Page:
Oculus co-founder Brendan Iribe joins exodus from Facebook

  • Facebook-Exodus

    Oculus VR CEO Brendan Iribe speak during the Oculus 2 conference in Los Angeles in 2015. Iribe, a co-founder of Facebook's virtual-reality division, is joining the exodus of executives to leave the company after striking it rich in lucrative sales of their startups. Iribe disclosed his decision to leave Facebook in a tweet posted Monday.

    NICK UT / AP FILE


Oculus co-founder Brendan Iribe disclosed his decision to leave Facebook in a tweet posted Monday. His departure comes 2 1/2 years after Facebook parted ways with Oculus' other co-founder, Palmer Luckey.

Both Iribe and Luckey joined Facebook in 2014 after selling Oculus to the company for $2 billion. Iribe had been Oculus' CEO until 2016 when he shifted to a lower-ranking job in the virtual reality division.

Facebook issued a statement Monday hailing Iribe for pushing virtual reality "far beyond the boundaries of what people thought possible and it's because of his vision that we're all here working on VR today. We're thankful for his leadership, his dedication to building the impossible, and he'll be missed."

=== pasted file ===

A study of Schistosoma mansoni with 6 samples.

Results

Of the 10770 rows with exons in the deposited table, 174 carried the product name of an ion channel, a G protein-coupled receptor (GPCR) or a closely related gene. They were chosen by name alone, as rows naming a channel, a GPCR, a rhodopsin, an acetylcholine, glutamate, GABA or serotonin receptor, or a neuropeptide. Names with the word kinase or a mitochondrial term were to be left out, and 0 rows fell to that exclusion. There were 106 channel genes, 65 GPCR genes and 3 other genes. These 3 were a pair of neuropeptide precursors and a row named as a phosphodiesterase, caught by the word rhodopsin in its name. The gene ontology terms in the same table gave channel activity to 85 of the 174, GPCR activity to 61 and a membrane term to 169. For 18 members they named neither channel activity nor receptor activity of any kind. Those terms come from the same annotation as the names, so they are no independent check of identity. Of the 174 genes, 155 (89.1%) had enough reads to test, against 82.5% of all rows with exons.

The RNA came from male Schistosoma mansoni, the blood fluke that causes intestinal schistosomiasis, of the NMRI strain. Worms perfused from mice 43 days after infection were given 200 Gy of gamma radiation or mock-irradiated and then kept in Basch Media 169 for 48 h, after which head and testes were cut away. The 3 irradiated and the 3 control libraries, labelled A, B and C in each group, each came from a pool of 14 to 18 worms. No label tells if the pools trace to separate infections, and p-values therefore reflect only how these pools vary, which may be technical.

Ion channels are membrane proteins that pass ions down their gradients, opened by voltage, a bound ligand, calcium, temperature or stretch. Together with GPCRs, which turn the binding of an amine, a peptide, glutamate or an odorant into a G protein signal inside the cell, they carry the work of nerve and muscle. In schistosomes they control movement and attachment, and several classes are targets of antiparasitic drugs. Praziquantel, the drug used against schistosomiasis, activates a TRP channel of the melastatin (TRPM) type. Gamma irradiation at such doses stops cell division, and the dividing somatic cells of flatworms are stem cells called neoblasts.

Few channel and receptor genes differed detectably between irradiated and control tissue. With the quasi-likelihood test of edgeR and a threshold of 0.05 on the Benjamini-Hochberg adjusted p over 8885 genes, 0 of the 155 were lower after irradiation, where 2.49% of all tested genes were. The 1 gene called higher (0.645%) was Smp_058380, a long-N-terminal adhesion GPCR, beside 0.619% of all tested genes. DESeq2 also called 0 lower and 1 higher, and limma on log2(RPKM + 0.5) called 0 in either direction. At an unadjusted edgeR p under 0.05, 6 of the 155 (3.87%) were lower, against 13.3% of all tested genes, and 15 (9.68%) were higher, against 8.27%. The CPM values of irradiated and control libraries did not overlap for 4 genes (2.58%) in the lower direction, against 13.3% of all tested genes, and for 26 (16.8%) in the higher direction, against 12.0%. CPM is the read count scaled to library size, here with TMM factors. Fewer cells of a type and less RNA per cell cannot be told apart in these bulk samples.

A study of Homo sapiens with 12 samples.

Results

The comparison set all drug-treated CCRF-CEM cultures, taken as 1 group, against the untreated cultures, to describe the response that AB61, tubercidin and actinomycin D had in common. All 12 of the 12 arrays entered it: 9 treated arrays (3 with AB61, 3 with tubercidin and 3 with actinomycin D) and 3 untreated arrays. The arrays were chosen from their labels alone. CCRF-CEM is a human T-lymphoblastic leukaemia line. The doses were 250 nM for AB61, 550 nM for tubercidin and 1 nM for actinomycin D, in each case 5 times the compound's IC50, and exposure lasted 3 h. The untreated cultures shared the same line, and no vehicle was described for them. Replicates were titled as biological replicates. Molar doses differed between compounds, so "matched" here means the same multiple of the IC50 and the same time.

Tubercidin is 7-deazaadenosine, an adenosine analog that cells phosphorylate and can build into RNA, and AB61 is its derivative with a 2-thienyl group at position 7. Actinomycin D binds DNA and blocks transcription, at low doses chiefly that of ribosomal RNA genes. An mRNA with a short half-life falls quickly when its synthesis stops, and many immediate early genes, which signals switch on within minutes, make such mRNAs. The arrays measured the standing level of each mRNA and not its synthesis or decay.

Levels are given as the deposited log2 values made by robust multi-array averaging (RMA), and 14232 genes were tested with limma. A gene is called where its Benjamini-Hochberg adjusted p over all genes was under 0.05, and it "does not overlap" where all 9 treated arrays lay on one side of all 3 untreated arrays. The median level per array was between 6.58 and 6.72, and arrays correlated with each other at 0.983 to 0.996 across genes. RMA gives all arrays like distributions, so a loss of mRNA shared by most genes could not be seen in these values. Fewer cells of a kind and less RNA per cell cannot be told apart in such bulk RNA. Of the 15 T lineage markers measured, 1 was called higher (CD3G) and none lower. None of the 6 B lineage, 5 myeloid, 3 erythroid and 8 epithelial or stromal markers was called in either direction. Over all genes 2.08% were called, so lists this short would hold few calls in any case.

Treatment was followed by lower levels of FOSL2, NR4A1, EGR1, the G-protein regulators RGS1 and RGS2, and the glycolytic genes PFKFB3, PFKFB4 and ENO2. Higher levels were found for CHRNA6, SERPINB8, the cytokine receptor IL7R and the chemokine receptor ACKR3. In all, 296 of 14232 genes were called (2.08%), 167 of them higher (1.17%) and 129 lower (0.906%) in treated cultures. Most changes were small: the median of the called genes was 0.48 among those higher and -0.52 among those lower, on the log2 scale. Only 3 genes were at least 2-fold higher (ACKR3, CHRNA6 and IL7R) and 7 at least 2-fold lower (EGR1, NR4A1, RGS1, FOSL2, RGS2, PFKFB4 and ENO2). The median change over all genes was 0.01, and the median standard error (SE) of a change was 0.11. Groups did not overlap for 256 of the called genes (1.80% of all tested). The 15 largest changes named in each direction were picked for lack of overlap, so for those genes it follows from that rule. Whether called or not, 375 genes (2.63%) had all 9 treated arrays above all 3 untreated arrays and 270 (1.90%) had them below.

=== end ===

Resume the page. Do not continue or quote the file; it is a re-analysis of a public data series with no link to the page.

Oculus is considered a pioneer in making the virtual reality headsets that immerse users in artificial, three-dimensional worlds. Despite Facebook's backing, virtual reality remains a niche field of technology popular primarily among video game fans looking for even more compelling entertainment.

Facebook CEO Mark Zuckerberg is hoping to expand virtual reality's appeal with next year's release of the Oculus Quest headset.

It's not unusual for startup founders such as Iribe to leave much larger companies several years after selling to them.

But Facebook has been hit with a wave of departures over the past six months, raising questions whether Zuckerberg's push for new areas of revenue growth beyond the company's social networking service is raising tensions in the executive ranks.

In April, WhatsApp CEO Jan Koum left Facebook four years after selling the messaging app, and last month Instagram CEO Kevin Systrom and fellow co-founder Mike Krieger bolted . Facebook bought Instagram for $1 billion in 2012.

Systrom hinted there might have been some discord during an appearance last week.

"No one ever leaves a job because things were awesome," he said.